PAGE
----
By Kathy Walsh

LOUISVILLE, Colo. (CBS4)- According to the Susan G. Komen organization, women with high breast density are four-to-five times more likely to get breast cancer than women with low breast density, but the cancer is more difficult to find. Density wasn't something talked about, until now.

Colorado has a new law that went into effect this month. It requires that women who get a mammogram be told if they have dense breasts.

(credit: CBS)

Colorado is now among 30 states that have this type of law. The hope is that knowing about your breast density may lead to spotting cancer sooner.

"Two years ago, this exact month, I was here," said Jen Willard.

(credit: Jen Willard)

Here is Avista Adventist Hospital. It is where Willard's breast cancer journey began.

"I decided to go in and finally get a mammogram," she told CBS4 Health Specialist Kathy Walsh.

CBS4 Health Specialist Kathy Walsh interviews Jen Willard (credit: CBS)

Willard was healthy, 41-years-old, a mother and new bride. Her mammogram was abnormal. More tests followed. But it took an MRI to find a tumor, cancer that never showed up on a mammogram.

"Because of dense breast tissue," explained Willard.

(credit: Jen Willard)

Radiologist Dr. Taj Kattapuram with Centura Health displayed a mammogram of an extremely dense breast. It looked almost completely white.

(credit: CBS)

She explained cancer also shows up white on a mammogram. The cancer is obvious on a fatty breast which appears gray or black. But on a dense breast...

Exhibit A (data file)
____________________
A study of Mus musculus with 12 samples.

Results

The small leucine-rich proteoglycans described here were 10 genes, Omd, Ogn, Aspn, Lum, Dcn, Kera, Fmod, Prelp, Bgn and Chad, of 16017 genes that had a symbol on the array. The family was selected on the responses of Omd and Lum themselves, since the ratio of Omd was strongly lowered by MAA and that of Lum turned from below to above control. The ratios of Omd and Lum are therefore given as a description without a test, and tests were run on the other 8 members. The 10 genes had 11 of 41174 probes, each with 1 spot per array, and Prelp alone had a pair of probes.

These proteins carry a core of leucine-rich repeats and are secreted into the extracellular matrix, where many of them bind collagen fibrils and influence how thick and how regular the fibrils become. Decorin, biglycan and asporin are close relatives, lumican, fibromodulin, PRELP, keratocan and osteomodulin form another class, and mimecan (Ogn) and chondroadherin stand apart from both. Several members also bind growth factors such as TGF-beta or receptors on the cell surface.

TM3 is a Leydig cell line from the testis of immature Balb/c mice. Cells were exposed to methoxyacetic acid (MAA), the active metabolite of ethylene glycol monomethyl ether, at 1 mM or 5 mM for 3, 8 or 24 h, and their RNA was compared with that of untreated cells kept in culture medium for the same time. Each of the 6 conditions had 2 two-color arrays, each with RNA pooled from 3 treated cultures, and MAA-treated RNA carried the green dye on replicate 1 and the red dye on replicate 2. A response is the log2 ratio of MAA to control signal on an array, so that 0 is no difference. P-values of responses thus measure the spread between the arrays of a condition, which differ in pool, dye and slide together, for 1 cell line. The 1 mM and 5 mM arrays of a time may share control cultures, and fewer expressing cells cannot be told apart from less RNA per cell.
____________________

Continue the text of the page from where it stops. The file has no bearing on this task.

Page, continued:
Radiologist Dr. Taj Kattapuram with Centura (credit: CBS)

"White on white it might be easy to miss," said Kattapuram.

She supports a new Colorado law that requires that a mammogram report inform patients if they have dense breast tissue and also tell them that it may be associated with an increased risk of breast cancer.

(credit: CBS)

"Patients can have a more informed discussion about potential options," said Kattapurum.

Possible options to pursue if you have dense breasts and concerns include a 3-D mammogram, an ultra sound, and an MRI.

A woman getting a mammogram (credit: CBS)

"I thought that the mammogram would pick up everything," said Willard.

She is thankful her doctors were diligent. She had a double mastectomy, but no chemotherapy or radiation.

(credit: CBS)

"Because they caught it early, I have a better chance at survival," she said.

Willard's breast cancer journey has taken her back to Avista Adventist. She started JWILL Pink Village and donates hand-made, heart-shaped pillows for breast cancer patients after surgery. They come with a message that reads in part "Sending you strength and courage. You're not alone."

(credit: CBS)

Willard would welcome help; her Facebook: and email:

Her Donation Wish List:

  • New or gently used Fabric.
  • At least three yards of fabric works best for maximum use.
  • Cotton or flannel fabric in a variety of colors and patterns make special pillows for breast cancer survivors.
  • 1" Sew-On Velcro
  • Polyfiber Stuffing
  • Cash Donations for supplies
  • Gift Cards to Michaels, Walmart, Hobby Lobby or Joann Fabric
  • More volunteers to help sew.
    DENSE BREASTS 5PKG_frame_2533
    (credit: CBS)

Kathy Walsh is CBS4's Weekend Anchor and Health Specialist. She has been with CBS4 for more than 30 years. She is always open to story ideas. Follow Kathy on Twitter @WalshCBS4.